The Galápagos penguin is an endemic species meaning it is only found in the Galapagos Islands. Many species of birds, mammals, fishes, and reptiles are found only in the Galapagos Islands.
* indicates that birds are endemic at a subspecies level
There are 56 native birds to the Galápagos. Of those birds 45 are truly endemic to the islands in that they do not breed anywhere else in the world.
- Galápagos penguin
- Waved albatross
- Galápagos petrel
- Flightless cormorant
- Swallow-tailed gull
- Lava gull*
Indigenous, but not endemic
- Magnificent frigatebird
(females have blue orbital rings)
- Great frigatebird
(females have red orbital rings)
- Nazca booby
- Blue-footed booby
- Red-footed booby
commonly seen species
- Great blue heron
- Common egrets
- Lava heron*
- Black-crowned heron
- Yellow-crowned night heron
Many marine mammals frequent the waters of the Galápagos, but only two endemic to the islands.
Endemic Marine Mammals
Galápagos sea lion
Galápagos fur seal
Fur seals are not true seals and are more closely related to sea lions than to other seals. Due to their similar morphological features it can be hard to tell these mammals apart. Galápagos fur seals are smaller, with larger heads, eyes, and ears. They also have a more pointed nose than the sea lions. The biggest difference is their coat. True to their name, fur seals have a thicker, more fur-like coat than the sea lions.
Migratory Marine Mammals
Many species of whales migrate through the Galápagos waters, making a very productive whaling ground during the 19th century. Whales that frequent these waters include: sperm whales, humpback whales, and pilot whales.
Three species of dolphins occur: orcas (often categorized as whales), bottle-nosed dolphins, and common white-bellied dolphins. Bottle-nosed dolphins are frequently observed riding the wakes of boats. Common white-bellied dolphins do not typically swim close to boats but can be observed in large groups of over one hundred individuals.
During the Voyage of the Beagle, Darwin collected 15 fish specimens. Many new fishes were described throughout the 1800s and 1900s. In 2010 the California Academy of Sciences recognized 550 fish species in the Galápagos. This number does not include the mesopelagics such as sharks, manta rays, and tuna that frequent these waters. Of the 550 species, they estimate 13.6% are endemic. There are no native freshwater fish. The Mozambique tilapia was introduced to San Cristóbal prior to 2006 and has become a well-established, invasive species.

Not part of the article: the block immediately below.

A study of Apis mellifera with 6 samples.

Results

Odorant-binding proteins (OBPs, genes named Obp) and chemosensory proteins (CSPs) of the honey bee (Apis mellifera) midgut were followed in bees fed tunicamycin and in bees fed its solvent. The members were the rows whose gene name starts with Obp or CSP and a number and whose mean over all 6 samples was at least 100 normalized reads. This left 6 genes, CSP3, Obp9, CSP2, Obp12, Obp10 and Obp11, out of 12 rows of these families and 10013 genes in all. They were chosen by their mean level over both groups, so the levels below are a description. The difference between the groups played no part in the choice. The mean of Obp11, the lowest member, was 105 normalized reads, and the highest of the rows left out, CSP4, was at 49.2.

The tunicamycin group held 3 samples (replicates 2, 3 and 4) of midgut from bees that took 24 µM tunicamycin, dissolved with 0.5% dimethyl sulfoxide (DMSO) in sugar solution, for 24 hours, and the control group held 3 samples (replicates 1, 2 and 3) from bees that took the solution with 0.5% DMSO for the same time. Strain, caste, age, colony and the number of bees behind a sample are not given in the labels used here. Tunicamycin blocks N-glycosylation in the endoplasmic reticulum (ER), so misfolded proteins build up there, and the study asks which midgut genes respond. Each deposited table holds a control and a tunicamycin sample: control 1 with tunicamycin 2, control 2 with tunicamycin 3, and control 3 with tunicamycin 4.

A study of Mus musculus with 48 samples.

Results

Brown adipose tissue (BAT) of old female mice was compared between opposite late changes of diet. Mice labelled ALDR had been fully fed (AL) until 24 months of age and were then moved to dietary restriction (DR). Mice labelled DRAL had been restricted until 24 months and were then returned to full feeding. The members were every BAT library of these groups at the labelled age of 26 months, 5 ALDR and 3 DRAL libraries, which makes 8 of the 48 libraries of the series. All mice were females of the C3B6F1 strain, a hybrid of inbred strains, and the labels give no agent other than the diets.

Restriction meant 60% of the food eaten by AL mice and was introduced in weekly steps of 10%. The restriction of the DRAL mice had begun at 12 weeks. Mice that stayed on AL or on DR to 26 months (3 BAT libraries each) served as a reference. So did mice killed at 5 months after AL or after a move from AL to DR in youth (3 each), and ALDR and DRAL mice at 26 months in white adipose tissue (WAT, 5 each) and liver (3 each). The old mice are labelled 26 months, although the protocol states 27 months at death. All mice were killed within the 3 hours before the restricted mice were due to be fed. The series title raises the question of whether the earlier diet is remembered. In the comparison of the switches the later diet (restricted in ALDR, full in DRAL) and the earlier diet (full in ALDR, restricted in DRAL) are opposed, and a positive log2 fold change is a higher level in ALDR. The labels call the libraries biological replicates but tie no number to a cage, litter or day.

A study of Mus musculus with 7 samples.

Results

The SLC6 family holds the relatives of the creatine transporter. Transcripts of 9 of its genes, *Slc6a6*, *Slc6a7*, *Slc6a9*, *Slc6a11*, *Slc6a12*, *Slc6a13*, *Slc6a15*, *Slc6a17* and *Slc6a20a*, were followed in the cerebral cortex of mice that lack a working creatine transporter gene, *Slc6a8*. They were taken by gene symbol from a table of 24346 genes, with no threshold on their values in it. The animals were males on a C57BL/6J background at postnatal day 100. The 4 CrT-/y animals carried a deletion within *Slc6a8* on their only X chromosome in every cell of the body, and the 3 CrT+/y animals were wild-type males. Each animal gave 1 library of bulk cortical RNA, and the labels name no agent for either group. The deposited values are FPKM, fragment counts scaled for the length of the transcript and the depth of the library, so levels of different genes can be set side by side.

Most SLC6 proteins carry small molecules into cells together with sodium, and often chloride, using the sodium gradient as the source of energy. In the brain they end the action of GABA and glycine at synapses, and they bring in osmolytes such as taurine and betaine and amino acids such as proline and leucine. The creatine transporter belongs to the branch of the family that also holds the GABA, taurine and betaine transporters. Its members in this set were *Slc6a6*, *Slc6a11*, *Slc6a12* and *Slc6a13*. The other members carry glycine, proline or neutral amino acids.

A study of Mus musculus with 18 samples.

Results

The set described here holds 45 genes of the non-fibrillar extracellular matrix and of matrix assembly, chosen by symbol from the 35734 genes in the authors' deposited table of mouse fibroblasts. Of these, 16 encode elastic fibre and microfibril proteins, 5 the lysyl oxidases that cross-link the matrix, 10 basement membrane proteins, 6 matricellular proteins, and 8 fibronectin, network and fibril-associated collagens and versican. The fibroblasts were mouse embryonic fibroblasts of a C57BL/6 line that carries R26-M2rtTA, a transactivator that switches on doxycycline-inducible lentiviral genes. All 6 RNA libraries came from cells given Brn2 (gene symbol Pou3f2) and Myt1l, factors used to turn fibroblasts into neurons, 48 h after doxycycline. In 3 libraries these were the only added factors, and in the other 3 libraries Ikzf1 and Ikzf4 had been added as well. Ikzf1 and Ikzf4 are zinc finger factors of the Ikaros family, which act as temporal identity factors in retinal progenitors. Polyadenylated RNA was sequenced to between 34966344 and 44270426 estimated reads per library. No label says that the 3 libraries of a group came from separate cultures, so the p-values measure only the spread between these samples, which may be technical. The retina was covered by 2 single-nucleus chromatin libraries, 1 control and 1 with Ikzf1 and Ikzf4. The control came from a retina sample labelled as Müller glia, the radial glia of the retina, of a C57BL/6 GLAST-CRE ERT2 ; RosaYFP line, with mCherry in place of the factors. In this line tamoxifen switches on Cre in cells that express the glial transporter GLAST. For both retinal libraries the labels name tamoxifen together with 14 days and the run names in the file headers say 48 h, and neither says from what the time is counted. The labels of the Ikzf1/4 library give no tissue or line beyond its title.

The Galápagos Islands have a wide variety of marine invertebrates. These invertebrates include: worms, crustaceans, cniderians (corals, sea anemones, jelly fish, etc.), echinoderms, bryozoans, mollusks, and sponges. Many of these species are captured by fishermen. In 1988 the sea cucumber fishery became popular in mainland Ecuador, but after four years of severe over fishing, the fishery collapsed. The fisherman migrated to Galápagos and the sea cucumbers have been overfished.
Marine iguanas are endemic to the Galápagos and are the only lizard that feeds on algae and seaweed. They have special glands in their nostrils to excrete excess salt from their diet. Marine iguanas often seek shade so sometimes take over sites where penguins wish to breed.
Green sea turtles are the most common turtles in the waters of the Galápagos Islands. A subspecies of the green turtle, the Galápagos green turtle is indigenous to the islands. Sea turtle populations are decreasing worldwide. In an effort to help conserve green sea turtle populations, the Galápagos National Park has a nest-monitoring program that began January 2014. During the nighttime hours of the breeding season, January to June, park rangers measure the nests, count the eggs, document hatching rates, and keep predators away. Additionally, the park has a program to educate marine park users about the risk of boat strikes on turtles.
McCosker, J. E., & Rosenblatt, R. H. (2010, September). Proceedings of the California Academy of Science: The fishes of the Galápagos archipelago: an update.
Thornton, Ian. Darwin’s Islands: A Natural History of the Galápagos. N.p.: American Museum of Natural History, 1971. Print.
U.N. Fisheries and Aquaculture. (2008). Population status, fisheries, and trade of sea cucumbers in Latin America and the Caribbean (V. Toral-Granda, Author). Rome.